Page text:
Friday, September 1, 2017 - 06:00

Both BMW and General Motors (GM) have mixed-material vehicles that provide some insight into what we might expect to see more of in the future. This article will take a closer look at those vehicles and the repair strategies used by each vehicle makers.

Figure 1 - The Cadillac CT6 employs a variety of steels and aluminum in its unitized structure.

Cadillac CT6

Cadillac’s CT6 sedan is comprised of both aluminum and steel. (Figure 1) On this vehicle, you will find aluminum parts attached to a steel part, and then another aluminum part. An example of this is the roof assembly. On the CT6, the outer roof skin is constructed of 6000 series aluminum, with the front roof brace being identified as dual phase (DP) ultra-high strength steel (UHSS). The two middle roof braces are high strength low alloy steel (HSLA), followed by a fourth brace which, is 5000 series aluminum. With this setup repairers will need to be able to identify which parts are constructed of aluminum and which are steel. Cadillac has addressed possible confusion with a structure identification document, in their repair information. This document identifies what materials were used on each part of the body.

Cadillac has used many different attachment methods to incorporate the mixed materials. Some of the attachment methods will not be able to be duplicated during collision repairs. From the factory, the CT6 uses a combination of aluminum and steel spot welds, aluminum laser welds, self-piercing rivets (SPR), flow drill screws, and adhesives. For part replacement, blind rivets, flow form rivets, and flow drill screws are used along with adhesives.

So, what happens when the CT6 is damaged in a collision? Can any parts of the vehicle be repaired? Cadillac has address this question in the body repair manual. Cadillac breaks down the different materials that the vehicle is constructed of and provides repairability guidelines. Some examples include aluminum extrusions and castings which require replacement if damaged. (Figure 2) GM guidelines for dual phase (DP), mild, and high strength low alloy (HSLA) steels allow cold repairs, if the damage does not include kinks.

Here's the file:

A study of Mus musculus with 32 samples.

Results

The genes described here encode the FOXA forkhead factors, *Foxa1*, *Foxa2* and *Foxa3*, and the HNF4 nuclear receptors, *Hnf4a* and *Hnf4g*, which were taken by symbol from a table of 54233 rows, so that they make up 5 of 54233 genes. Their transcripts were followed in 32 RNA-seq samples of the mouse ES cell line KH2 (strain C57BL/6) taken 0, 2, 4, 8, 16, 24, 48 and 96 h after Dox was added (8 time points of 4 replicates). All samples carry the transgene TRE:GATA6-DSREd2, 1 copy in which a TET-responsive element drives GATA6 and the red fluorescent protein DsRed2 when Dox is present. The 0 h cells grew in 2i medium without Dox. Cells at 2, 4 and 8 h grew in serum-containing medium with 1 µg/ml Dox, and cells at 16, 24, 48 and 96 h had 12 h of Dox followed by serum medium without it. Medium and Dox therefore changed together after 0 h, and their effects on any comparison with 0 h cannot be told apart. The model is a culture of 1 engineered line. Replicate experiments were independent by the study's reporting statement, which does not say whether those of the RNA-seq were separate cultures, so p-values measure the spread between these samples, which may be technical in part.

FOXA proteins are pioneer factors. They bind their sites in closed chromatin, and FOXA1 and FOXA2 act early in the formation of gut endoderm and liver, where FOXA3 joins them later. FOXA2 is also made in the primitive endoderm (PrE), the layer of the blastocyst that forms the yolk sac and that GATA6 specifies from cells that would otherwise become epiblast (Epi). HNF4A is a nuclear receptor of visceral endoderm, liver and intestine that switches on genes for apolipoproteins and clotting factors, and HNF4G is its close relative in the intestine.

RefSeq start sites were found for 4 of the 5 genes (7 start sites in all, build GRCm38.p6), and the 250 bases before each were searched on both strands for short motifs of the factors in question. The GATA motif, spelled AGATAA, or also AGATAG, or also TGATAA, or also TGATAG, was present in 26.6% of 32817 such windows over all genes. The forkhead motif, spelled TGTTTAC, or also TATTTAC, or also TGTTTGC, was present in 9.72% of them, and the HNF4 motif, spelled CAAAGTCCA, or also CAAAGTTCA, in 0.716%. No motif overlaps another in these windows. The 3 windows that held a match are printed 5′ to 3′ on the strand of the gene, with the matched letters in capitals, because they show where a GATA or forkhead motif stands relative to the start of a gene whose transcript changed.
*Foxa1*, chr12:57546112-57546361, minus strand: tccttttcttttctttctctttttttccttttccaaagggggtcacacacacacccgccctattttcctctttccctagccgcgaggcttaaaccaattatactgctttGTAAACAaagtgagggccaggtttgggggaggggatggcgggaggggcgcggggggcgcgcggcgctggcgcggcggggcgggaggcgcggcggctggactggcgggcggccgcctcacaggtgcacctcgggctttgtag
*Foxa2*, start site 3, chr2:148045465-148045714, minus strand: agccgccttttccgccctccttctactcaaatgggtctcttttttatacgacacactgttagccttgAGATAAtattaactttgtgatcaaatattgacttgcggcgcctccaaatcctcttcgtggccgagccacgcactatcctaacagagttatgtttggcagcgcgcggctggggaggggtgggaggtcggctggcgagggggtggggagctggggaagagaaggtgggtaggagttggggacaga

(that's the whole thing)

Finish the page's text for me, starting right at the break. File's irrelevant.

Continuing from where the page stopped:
If the damaged part is not a candidate for repair, Cadillac has provided many replacement procedures for the CT6. These procedures are available on both the free (http://www.genuinegmparts.com) and subscription (https://www.acdelcotds.com) repair information websites.

Figure 2 - If there is damage to any of the castings on the CT6, part replacement is required.

Cadillac does not have a sectioning procedure for the front lower rail. Instead they have a partial replacement procedure, in front of the firewall and at the middle of the rail. For this procedure, you will be required to grind off the existing welds, and then duplicate the factory welds in the original locations, with the same lengths.

Cadillac has sectioning procedures for both the outer quarter panel and the outer rocker panel on the uniside. The outer rocker panel procedure requires removing SPRs, flow drill screws, and factory spotwelds. Reattachment is accomplished by replacing the spotwelds and SPRs with flow form rivets and structural adhesive. The new part is trimmed to create an overlap for all the section joints. This joint is adhesive only with, flow form rivets and flow drill screws in the pinchwelds.